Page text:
Oaths and Affirmations (WA)
In Western Australia, a person will be required to take an oath or make an affirmation when they are signing an affidavit or when they are to give evidence in court. Oaths and Affirmations in WA are governed by the Oaths, Affidavits and Statutory Declarations Act 2005.
An oath is a religious declaration that involves a person swearing before God or in accordance with their religious beliefs that they will tell the truth.
Under section 4 of the Oaths, Affidavits and Statutory Declarations Act 2005, a person in Western Australia may take an oath in any of the following ways:
- I swear by Almighty God…
- I swear by [name of a deity recognized by the person’s religion]…
- I swear, according to the religion and the beliefs I profess…
An affirmation is a non-religious equivalent of an oath. A person may take an affirmation if they object to taking an oath or if it is not practical to do so.
An affirmation is given by saying, ‘I sincerely declare and affirm…’
Who may administer an oath or affirmation?
The following persons may administer an oath or affirmation in WA:
- Judicial officers
- Judicial registrars
- Justices of the Peace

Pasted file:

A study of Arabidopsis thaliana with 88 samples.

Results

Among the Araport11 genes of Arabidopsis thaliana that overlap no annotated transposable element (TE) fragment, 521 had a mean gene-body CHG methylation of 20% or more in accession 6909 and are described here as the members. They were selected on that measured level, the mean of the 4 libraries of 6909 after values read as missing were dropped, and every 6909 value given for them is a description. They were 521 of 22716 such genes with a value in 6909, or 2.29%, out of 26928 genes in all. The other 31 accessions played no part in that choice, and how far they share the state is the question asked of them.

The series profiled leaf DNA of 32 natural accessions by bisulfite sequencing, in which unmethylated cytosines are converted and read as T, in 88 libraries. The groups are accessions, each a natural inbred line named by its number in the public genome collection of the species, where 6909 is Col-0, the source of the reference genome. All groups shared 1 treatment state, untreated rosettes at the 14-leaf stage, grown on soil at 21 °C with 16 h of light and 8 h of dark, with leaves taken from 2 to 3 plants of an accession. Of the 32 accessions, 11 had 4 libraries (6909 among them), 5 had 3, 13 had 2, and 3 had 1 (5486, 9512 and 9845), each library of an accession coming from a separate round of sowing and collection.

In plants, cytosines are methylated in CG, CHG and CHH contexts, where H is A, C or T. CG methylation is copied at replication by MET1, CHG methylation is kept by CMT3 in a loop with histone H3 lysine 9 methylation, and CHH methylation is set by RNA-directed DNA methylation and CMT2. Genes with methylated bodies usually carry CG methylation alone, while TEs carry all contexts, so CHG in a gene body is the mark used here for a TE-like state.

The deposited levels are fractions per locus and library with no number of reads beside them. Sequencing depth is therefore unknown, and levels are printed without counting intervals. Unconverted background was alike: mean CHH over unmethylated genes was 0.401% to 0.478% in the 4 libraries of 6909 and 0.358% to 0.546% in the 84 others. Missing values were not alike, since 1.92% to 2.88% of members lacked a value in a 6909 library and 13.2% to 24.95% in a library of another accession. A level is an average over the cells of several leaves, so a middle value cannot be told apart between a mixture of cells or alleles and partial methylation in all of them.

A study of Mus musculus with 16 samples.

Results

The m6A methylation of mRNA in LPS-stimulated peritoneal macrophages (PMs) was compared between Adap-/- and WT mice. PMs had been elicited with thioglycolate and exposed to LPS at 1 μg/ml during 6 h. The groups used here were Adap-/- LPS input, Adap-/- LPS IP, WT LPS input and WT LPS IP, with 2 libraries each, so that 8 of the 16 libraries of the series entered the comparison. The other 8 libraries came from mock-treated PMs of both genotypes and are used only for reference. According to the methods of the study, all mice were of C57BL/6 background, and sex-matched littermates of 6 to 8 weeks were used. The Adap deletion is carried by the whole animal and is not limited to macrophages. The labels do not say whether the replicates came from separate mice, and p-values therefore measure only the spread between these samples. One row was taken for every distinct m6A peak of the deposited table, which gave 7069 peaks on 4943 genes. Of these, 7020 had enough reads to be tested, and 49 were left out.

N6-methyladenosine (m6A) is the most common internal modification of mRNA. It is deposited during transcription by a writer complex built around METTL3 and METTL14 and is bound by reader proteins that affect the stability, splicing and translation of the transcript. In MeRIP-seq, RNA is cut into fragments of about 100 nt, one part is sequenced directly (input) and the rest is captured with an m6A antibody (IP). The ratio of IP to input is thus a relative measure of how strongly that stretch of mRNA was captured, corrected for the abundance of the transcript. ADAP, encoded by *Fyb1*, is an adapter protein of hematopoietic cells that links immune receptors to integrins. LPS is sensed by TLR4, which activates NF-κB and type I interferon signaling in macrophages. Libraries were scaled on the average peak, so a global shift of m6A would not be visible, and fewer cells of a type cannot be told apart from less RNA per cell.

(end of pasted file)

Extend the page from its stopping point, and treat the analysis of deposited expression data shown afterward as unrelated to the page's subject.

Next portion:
- Legal Practitioners who have held a practising certificate for at least two years
- Public Notaries
When a person makes an affidavit, they must take an oath or affirmation in the presence of an authorized witness. The affidavit must conclude with a statement that it is sworn or affirmed in the presence of an authorized witness and the place where it is being signed. Both the deponent and the witness must sign each page of the affidavit and the deponent must take an oath or affirmation that they are the person named in the affidavit as its maker, that the contents of the affidavit are true and that the signature or mark is theirs. The witness must clearly write their name and qualification.
When a person makes a statutory declaration, they must sign or mark the declaration and declare in the presence of an authorized witness that they are the person named in the declaration and that its contents are true. The authorized witness must sign or mark the declaration and write their name and qualification.
Under section 17 of the Oaths, Affidavits and Statutory Declarations Act 2005, it is an offence to pretend to be an authorized witness for an affidavit or statutory declaration. This offence is punishable by imprisonment for 12 months.
Under section 124 of the Criminal Code Act Compilation Act 1924, a person who gives false testimony in a judicial proceeding is guilty of the offence of perjury. This offence is punishable by imprisonment for 14 years.
If perjury is committed in an attempt to procure the conviction of another person for an offence punishable by life imprisonment, it is punishable by imprisonment for life.